Latin American operator Millicom will spend $700 million over the next two years to maintain and expand its fixed and mobile networks in Guatemala, Honduras, and El Salvador.

The three markets, together known as the Northern Triangle, are the subject of a US-led initiative to stimulate economic development as a means of curbing migration. It was launched as a call to action by vice president Kamala Harris last May and has since morphed into an independent organisation called the Partnership for Central America (PCA). The idea is that with stronger economies, less corruption, better public services and more opportunities to earn, fewer people will be forced to leave for sunnier climes.

Broadband availability has a role to play here, which is why Millicom – which offers services throughout the region under the Tigo brand – has answered the call.

“As a member of the PCA, and as part of our ongoing commitment to the region, we announced that we will invest $700 million to expand and maintain our fixed and mobile broadband networks in Guatemala, Honduras and El Salvador over the next two years. This investment will advance our efforts to accelerate economic growth via increased connectivity, as penetration rates for broadband in these markets are still below regional averages,” said Karim Lesina, Millicom’s chief external affairs officer, in a blog post on Tuesday.

Millicom said that only 30-40 percent of households in its operating footprint have reliable access to home broadband and only half the population uses 4G data on a smartphone. Adoption and availability are improving though. According to Millicom, for the last five years, 1 million premises per year have been connected to full fibre networks. Furthermore, the telco said 4G coverage now stands at 80-90 percent, adding that a 10 percent increase in mobile broadband penetration contributes nearly a 2 percent increase in GDP.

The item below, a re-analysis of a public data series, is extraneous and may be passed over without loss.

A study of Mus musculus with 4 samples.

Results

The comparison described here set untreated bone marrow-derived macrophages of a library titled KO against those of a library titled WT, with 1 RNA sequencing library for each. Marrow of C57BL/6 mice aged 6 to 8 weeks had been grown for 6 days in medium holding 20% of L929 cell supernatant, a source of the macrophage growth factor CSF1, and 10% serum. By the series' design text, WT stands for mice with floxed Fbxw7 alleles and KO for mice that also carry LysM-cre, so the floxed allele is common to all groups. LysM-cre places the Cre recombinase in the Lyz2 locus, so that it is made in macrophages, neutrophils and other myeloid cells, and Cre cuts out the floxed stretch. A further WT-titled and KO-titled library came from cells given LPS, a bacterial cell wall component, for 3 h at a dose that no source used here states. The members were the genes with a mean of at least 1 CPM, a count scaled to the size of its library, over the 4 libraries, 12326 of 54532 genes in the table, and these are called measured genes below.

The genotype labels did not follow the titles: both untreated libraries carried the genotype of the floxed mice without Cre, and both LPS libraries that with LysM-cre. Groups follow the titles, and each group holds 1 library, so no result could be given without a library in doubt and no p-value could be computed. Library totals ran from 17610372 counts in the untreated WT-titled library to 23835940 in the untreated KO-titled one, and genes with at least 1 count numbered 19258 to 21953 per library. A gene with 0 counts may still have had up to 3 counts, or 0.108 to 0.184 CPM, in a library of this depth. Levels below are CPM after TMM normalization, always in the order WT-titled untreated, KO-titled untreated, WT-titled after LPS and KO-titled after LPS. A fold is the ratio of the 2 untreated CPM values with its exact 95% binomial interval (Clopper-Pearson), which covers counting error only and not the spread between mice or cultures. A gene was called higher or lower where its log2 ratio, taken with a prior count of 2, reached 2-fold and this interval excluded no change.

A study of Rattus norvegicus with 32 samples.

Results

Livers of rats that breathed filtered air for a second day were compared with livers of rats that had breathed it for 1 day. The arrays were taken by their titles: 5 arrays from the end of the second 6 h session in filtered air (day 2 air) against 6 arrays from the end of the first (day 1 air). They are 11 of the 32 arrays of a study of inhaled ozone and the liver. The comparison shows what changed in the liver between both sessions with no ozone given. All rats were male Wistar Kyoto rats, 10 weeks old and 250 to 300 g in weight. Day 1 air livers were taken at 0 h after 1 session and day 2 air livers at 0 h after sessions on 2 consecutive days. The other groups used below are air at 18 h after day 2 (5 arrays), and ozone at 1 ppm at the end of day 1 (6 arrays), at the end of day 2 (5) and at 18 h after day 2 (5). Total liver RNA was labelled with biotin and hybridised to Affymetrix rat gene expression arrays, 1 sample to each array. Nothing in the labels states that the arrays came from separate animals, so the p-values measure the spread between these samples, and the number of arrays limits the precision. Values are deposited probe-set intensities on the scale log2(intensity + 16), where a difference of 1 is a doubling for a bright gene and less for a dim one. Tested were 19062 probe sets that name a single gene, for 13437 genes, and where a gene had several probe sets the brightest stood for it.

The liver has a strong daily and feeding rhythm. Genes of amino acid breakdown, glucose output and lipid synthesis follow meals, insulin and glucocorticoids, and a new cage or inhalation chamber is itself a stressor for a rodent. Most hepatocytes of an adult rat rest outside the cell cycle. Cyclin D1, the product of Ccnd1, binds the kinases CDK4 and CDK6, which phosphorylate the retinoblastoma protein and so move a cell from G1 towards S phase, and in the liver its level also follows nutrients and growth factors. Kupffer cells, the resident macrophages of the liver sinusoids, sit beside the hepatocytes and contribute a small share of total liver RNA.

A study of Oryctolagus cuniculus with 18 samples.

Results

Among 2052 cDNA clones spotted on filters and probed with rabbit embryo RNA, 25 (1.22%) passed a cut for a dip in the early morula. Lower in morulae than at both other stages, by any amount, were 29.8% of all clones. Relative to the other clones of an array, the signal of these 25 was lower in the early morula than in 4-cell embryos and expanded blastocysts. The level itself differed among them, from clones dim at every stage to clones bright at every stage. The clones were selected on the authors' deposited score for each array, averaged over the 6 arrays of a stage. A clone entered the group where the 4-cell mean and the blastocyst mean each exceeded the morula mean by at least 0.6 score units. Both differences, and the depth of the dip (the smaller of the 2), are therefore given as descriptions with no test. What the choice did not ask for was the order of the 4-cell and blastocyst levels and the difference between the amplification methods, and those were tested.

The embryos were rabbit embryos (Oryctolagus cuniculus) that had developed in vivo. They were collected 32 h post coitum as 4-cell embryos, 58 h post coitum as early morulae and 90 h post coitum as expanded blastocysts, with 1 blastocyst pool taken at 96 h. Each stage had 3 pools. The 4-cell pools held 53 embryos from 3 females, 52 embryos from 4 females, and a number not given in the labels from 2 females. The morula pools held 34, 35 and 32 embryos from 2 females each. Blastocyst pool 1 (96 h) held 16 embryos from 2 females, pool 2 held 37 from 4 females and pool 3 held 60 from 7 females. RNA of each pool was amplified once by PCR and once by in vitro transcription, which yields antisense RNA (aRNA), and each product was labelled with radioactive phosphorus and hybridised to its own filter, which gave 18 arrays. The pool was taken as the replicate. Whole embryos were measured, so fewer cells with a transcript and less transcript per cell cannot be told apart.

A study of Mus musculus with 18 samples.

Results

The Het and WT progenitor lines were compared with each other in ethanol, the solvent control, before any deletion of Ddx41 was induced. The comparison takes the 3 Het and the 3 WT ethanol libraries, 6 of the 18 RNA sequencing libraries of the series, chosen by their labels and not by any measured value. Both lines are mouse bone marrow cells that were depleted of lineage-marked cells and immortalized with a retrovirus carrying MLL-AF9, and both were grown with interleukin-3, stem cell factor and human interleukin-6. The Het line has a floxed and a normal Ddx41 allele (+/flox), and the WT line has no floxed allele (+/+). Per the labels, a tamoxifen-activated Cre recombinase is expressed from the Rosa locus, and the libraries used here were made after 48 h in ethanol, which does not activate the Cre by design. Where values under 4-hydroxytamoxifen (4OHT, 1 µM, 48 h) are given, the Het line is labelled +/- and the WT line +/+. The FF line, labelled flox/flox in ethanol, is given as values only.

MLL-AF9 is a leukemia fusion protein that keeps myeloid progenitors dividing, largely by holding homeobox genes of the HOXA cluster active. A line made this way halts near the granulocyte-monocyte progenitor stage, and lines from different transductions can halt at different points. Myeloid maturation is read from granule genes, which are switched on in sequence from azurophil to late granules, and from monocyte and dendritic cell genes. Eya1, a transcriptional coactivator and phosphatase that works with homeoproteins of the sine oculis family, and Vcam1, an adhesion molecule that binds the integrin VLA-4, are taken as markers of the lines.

How does investment of $700 million over two years stack up then? Well, some educated guessing is required here because Millicom doesn’t divulge capex on a per market basis. In 2021, the company’s LatAm capex totalled $1.11 billion, which equates to 17.9 percent of revenue. Taking that percentage and applying it to revenue generated in Guatemala, Honduras and El Salvador – which came in at a combined $2.64 billion last year – equals $472 million.

All of a sudden that $700 million over two years doesn’t look quite as impressive. However, it’s important to remember this is only a very rough estimate, and that capex is not evenly distributed between markets, of course. Millicom spent heavily last year on expanding its mobile and fixed networks in Colombia, as well as its fixed networks in Paraguay and Bolivia, for instance. Therefore that $700 million could well represent a significant increase for Guatemala, Honduras and El Salvador. What’s more, Millicom gets the added PR benefit of associating itself with the PCA initiative, and it’s hard to put a price on that, right?

The Northern Triangle has “great potential for growth and development – one of the hidden gems of Latin America,” said Lesina. “The right infrastructure, or digital highway as we call it, can have an incredible impact on the future of the region and its cities.”